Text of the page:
India has lost over 1,500 sq km of land to ‘catastrophic’ soil erosion

GS Paper III

News Excerpt:

A new study has revealed a worrying trend for India’s soil health. Nearly 30% of the country’s landmass is experiencing “minor” soil erosion, while a critical 3% faces “catastrophic” topsoil loss.

About “Geospatial Modelling and Mapping of Soil Erosion in India” study:

  • It classified soil erosion across India for the first time. Before this study, there was no classification for different levels of soil erosion in India.
    • Soil erosion is a process that removes the upper layer of soil, from which plants get most of their nutrients and water. It is the most common type of land degradation.
  • The study used the Revised Universal Soil Loss Equation (RUSLE) equation.
    • It considers factors such as predicted crop loss, rainfall and runoffs, also known as the R-factor, soil erodibility, slope steepness and length, crop management, and support practices like strip cropping, etc., to estimate soil loss at a 250-metre spatial resolution.
  • The study developed six classifications for soil erosion, ranging from "minor" to "catastrophic", regarding soil eroded in tonnes over a hectare per year.
  • The Brahmaputra Valley in Assam is India's biggest hotspot for soil erosion. The state has lost nearly 300 square kilometres or 31% of its surface soil to "catastrophic" erosion.
  • The lower reaches of the Himalayas, which are characterised by loose soil and unstable slopes, are another hotspot.
    • The region spans from the Kashmir Valley to the southern regions of Himachal Pradesh and Uttarakhand and extends across the border into Nepal and parts of Odisha.
    • This region is one of the most prominent erosion hotspots in the country, exacerbated by its susceptibility to seismic activity.
  • Odisha is also a hotspot for "catastrophic" erosion.
    • This erosion extends from the southern reaches of the Mahanadi River, traversing along the western borders of the state's lush green cover and natural forests, all the way to the northern parts of Andhra Pradesh.
    • This underscores the significant soil degradation experienced by the forest cover in the region.
  • The study highlighted that nine out of the country's 20 most susceptible districts to soil erosion are located in Assam.
  • The national mean for soil in the country stood at 21 tonnes per hectare per year.

Significance of the study:

  • It provides a holistic view of soil status and would help in the planning of soil conservation.
  • The data gathered would be available for anyone to use in the future.

Implications of the erosion:

  • According to the Food and Agriculture Organization of the United Nations, it could take up to 1,000 years to produce 2 to 3 centimetres of top or surface soil, which has a depth of 6 cm.
  • Topsoil — the uppermost layer of soil —  is vital for agriculture as it holds nutrients and moisture essential for plant growth.
  • Erosion significantly reduces fertility and can lead to decreased crop yields.

Causes and Effects of soil erosion:

Soil Erosion vis-a-vis Climate Change:

  • Erosion degrades land, which means it can support fewer plants that can take in climate-warming carbon dioxide.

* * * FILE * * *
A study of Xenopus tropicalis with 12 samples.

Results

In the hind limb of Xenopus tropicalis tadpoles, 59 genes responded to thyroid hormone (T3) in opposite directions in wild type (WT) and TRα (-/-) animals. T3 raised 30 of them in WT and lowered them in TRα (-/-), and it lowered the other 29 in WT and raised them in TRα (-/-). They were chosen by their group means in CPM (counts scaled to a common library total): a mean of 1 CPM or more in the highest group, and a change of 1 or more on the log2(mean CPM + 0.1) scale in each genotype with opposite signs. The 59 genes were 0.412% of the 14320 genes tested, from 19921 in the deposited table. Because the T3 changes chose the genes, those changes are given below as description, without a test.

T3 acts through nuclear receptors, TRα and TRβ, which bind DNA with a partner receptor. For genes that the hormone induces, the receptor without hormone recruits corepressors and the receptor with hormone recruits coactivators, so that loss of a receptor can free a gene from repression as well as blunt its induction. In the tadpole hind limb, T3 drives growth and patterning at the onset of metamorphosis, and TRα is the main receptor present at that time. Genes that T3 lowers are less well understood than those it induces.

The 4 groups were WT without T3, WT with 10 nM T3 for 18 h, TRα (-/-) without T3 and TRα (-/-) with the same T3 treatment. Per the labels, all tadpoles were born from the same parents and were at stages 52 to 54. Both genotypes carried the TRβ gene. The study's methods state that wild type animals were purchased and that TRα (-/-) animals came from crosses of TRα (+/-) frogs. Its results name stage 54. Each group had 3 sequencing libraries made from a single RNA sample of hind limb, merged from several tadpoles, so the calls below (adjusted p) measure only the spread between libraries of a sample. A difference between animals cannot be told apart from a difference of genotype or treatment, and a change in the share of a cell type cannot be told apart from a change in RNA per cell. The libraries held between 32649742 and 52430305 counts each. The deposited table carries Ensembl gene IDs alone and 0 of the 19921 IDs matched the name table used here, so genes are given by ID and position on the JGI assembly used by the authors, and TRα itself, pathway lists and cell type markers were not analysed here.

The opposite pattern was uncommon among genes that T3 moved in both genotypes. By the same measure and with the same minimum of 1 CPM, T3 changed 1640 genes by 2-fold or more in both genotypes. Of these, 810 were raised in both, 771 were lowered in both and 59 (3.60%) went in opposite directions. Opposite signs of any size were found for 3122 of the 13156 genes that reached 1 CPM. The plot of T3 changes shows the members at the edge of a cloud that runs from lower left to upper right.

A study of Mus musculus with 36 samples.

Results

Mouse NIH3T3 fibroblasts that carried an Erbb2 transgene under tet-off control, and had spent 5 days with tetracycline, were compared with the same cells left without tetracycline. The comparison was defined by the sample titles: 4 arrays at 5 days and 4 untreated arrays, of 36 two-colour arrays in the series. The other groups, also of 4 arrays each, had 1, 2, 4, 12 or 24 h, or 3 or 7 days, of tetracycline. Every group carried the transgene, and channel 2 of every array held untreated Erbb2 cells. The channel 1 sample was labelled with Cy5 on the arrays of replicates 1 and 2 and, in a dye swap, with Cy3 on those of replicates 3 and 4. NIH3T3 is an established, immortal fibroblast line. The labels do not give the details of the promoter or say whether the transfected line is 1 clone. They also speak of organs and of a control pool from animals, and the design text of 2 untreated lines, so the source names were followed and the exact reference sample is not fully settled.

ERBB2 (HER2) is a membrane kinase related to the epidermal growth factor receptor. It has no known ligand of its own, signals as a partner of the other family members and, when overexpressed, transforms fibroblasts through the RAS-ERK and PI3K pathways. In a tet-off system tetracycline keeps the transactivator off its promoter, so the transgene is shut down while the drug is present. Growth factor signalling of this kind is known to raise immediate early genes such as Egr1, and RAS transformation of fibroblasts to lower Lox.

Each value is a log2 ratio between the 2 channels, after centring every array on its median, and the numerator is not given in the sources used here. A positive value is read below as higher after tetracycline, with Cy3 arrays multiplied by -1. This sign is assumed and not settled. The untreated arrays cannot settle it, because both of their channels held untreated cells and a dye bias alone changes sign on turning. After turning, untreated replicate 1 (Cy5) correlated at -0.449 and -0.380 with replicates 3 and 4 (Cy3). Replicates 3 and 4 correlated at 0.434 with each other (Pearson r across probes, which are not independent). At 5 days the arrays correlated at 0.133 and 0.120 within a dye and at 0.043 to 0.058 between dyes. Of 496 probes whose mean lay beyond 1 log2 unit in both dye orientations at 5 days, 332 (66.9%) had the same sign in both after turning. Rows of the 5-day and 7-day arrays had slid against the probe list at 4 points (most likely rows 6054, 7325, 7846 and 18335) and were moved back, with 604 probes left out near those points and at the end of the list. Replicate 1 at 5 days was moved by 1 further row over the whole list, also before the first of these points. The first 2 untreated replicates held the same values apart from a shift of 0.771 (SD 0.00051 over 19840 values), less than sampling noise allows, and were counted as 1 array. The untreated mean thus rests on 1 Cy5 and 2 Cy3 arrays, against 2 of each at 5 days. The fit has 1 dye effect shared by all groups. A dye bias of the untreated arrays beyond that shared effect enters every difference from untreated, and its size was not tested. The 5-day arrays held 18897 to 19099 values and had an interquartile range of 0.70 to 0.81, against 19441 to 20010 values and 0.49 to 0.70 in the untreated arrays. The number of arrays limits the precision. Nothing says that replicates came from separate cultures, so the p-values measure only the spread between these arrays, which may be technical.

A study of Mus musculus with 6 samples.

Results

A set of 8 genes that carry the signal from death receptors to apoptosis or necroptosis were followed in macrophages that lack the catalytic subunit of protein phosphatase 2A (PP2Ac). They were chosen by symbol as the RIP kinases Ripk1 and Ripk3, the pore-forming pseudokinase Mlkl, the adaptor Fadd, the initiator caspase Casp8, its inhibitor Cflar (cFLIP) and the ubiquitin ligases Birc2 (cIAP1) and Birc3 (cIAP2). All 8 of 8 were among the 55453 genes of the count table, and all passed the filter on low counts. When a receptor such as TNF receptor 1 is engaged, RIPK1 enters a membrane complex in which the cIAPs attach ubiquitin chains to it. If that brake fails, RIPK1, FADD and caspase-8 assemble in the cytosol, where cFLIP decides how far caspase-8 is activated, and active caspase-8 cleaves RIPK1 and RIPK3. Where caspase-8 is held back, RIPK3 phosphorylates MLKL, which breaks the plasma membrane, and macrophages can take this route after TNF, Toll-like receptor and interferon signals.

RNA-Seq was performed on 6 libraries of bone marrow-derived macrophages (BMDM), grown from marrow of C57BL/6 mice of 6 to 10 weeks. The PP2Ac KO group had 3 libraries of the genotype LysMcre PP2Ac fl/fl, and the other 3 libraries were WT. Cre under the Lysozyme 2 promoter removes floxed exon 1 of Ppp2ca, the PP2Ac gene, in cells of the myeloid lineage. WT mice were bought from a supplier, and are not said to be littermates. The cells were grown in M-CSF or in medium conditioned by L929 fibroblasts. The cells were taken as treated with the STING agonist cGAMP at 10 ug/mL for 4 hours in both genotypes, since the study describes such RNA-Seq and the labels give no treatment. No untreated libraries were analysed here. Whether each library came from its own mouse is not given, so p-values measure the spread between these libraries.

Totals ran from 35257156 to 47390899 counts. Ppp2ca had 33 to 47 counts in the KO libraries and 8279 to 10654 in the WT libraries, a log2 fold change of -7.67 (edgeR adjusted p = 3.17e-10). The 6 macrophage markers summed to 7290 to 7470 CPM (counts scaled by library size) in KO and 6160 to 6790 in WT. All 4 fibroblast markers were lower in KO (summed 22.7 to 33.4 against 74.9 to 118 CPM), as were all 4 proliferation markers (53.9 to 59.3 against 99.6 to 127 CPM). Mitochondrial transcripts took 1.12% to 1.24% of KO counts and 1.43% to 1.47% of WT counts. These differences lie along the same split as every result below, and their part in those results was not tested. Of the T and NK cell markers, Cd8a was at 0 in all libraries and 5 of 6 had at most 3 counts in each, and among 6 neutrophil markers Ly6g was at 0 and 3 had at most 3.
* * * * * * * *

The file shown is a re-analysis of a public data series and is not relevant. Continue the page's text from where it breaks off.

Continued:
• Soils themselves could potentially sequester enough greenhouse gases in a year to equal about 5% of all annual human-made GHG emissions.
  • On the flip side, unchecked climate change can worsen erosion.
    • A report from the Intergovernmental Panel on Climate Change (IPCC) found that when cultivated without conservation practices, soil is currently eroding up to 100 times quicker than it is forming.
    • Due to emissions-driven temperature changes, the risk of erosion will become even higher in the future, resulting in decreases in agricultural production, land value, and human health.

Way forward:

  • Use soil-friendly agricultural practices:
    • Terraced farming needs to be implemented to make hillside agriculture manageable. Terraces prevent erosion and allow more water to flow to crops.
    • In addition, hillside farm fields need full crop cover to help keep the soil in place. This can be accomplished by intercropping, which means growing two crops together in the same field, such as planting rows of maize or soybean between rows of oil palm trees.
    • For smallholders, agroforestry systems where diverse crops, including trees, are grown together can be effective.
    • Access to manure improves the organic matter of the soil, inhibiting erosion.
    • Finally, alternating deep-rooted and shallow-rooted crops improves soil structure and reduces erosion.
  • Offer incentives for land management:
    • Governments and banks must help farmers access credit and support in implementing erosion prevention. The cost of erosion prevention is far lower than the price of land restoration and rehabilitation, which one source estimated to be around $1,500–$2,000 per hectare. Another source found it could reach $15,221 per hectare.
    • Better land management can help keep soils intact so they can grow more carbon-sucking vegetation. This is already happening in China, where the Grain-for-Green project in the Yellow River basin conserved soil and water and reduced carbon emissions.
  • Prevention and Rehabilitation:
    • The key to managing and reducing soil erosion is to rehabilitate already damaged land, stop further degradation, and make erosion-preventative measures the core of land management policy.